July 18, 2008
On Tuesday, Barack Obama gave an address on the Iraq War. It was a bizarre speech, as if it had been written two years ago—when it would have made more sense. Liberals ought to hate the speech. It will make their side vulnerable to the common conservative charge that they ignore crucial facts in favor of manufacturing their own reality.
The crucial facts in this case—absent two years ago—and which have been emphasized repeatedly in recent months by bibles of the left, from the New York Times to the Washington Post, is that the reconstruction effort in Iraq has improved tremendously under General Petraeus, to the point where we are not only winning in Iraq but, some say, we may have already won. Obama’s speech is a troubling example of ignoring everything that has happened for the better over the last 18 months, suggestive instead of a defeated nation that needs to immediately hop on the last helicopter out of Saigon.
Obama probably thinks this speech will win him points among the angry extremists that fortify his base (which it will), but it will hurt him among responsible, fair-minded liberals and especially among the moderates that will decide this election. It is a giant softball for John McCain and for the GOP to turn into ad spots. It plays right into John McCain’s chief strength and against Obama’s chief liability: their divergent experience in foreign and security policy. It was a bad political move for a candidate who is ahead in the polls.
There was so much in this speech that merits a response, but I would like to draw attention to its most fatal flaw, which apparently stills persists among the far left, which is actually where Barack Obama—ranked the most liberal member of the Senate by the non-partisan National Journal—sits on the ideological spectrum. In this speech, Obama argued that the true battle against terror has always been, and remains, in Afghanistan, not Iraq. He framed the Iraq intervention as a total distraction from the real War on Terror, which resides in Afghanistan.
Yet again, this positively maddening assertion is being made by a leader of the American left. It is absolutely, unequivocally, a post-Iraq War invention. I plead with my liberal friends: If you don’t believe me, then remember what the Clinton administration stated repeatedly:
Throughout the latter 1990s, President Clinton’s State Department, headed by Secretary of State Madeleine Albright, listed Iraq among the leading sponsors of terrorism. It did so officially in its Patterns of Global Terrorism report, which is the formal, annual assessment on global terrorism mandated by Congress beginning in 1979 with the passing of the Export Administration Act. The final such report by the Clinton administration, in 2000, highlighted the seven leading terrorist governments: Iraq, Iran, Syria, Libya, Cuba, North Korea, and Sudan. Afghanistan was not even on the list. These were the same seven nations identified in previous years, with Iraq and Iran singled out as the worst offenders (1999 index, 1999 overview). In fact, the 2000 report devoted more words (and terrorist crimes) to Iraq than any other nation.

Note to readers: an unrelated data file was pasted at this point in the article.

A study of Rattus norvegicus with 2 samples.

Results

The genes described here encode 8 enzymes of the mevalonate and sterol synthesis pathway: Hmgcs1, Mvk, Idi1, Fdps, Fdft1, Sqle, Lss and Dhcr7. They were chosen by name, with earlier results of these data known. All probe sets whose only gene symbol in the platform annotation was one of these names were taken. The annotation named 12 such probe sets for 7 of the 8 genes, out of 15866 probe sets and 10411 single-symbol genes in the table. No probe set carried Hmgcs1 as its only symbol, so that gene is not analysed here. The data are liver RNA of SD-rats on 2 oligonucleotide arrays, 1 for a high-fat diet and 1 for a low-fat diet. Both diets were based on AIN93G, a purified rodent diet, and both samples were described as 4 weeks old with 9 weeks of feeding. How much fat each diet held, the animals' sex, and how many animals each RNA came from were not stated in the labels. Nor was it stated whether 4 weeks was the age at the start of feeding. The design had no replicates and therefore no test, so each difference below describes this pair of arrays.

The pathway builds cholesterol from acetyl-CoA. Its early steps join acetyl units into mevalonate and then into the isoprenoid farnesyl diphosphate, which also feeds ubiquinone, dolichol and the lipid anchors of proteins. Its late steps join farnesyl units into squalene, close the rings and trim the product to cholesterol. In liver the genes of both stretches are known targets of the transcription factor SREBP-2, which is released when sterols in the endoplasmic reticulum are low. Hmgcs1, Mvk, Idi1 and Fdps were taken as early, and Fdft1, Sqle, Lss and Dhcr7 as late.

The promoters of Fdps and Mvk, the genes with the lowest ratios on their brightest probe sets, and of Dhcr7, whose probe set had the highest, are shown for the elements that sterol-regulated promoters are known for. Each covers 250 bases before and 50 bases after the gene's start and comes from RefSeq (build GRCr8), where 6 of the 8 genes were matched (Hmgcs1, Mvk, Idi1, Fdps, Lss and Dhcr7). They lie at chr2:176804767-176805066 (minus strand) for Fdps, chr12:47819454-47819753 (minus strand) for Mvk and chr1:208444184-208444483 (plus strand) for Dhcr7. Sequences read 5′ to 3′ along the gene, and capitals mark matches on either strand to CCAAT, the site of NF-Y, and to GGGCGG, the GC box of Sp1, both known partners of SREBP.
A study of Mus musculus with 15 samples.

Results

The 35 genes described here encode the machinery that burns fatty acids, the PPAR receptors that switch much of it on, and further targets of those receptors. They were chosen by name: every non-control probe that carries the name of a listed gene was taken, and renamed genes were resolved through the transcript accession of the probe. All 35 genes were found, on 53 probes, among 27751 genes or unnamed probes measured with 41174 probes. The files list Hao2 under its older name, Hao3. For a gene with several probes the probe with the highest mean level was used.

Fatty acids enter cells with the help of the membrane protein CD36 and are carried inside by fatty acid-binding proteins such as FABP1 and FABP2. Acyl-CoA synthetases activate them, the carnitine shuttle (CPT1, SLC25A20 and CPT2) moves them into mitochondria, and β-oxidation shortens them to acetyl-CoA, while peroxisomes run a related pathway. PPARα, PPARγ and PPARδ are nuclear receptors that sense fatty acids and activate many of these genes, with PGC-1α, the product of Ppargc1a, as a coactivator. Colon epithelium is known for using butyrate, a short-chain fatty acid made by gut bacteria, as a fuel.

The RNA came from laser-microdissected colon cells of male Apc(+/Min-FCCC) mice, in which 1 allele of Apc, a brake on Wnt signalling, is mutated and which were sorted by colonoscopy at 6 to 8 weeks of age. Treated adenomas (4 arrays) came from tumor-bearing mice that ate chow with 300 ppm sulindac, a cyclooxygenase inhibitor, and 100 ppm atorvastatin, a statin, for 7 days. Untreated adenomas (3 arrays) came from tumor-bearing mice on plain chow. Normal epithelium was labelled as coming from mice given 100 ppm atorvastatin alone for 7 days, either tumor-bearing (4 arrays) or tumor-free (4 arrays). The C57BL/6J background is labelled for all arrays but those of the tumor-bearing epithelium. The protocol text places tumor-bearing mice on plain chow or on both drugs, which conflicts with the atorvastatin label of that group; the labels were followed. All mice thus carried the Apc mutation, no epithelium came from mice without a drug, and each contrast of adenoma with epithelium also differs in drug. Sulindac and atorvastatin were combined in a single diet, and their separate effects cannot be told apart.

From providing safe-haven to Abu Nidal to attacking U.N. personnel, I will not review the details of the 2000 report here. Anyone interested can click the links. But I warn liberals: you will not like what you see, because it will force you to reevaluate some sacred cows produced for convenience in the era of hating George W. Bush, including those that reared their heads in Obama’s speech on Tuesday.
The fact is that the fight against global Islamic terror is exactly that—global. It must occur on many fronts. To judge that the fight was never in Iraq but always in Afghanistan is amazingly simplistic and obviously inaccurate, and would never be made by supposedly sophisticated people if not for their seething hatred of George W. Bush. That hatred forces them into back-flips and contradictions in the ugly, purely emotional process of opposing everything he does. Bush’s identification of Iraq as a prime terror threat—pursued only after the removal of the Taliban in Afghanistan—is 100 percent consistent with what the Clinton administration stated throughout its eight years.
Surely, liberals know this. If they do not—and if Barack Obama, their standard-bearer, does not—then this speaks very poorly, and quite frighteningly, of their ability to run American foreign policy over the next four years. The explanation for their thinking is either ignorance or a blinding hatred of George W. Bush that obliterates their ability to assess reality and the world.
Whatever the answer, Obama’s speech on Tuesday was not a good moment for anyone who hopes this man can lead America in this historic battle facing the world.
Paul Kengor is professor of political science and executive director of the Center for Vision & Values at Grove City College. His recent books include The Judge: William P. Clark, Ronald Reagan's Top Hand (Ignatius Press, 2007) and The Crusader: Ronald Reagan and the Fall of Communism (HarperPerennial, 2007).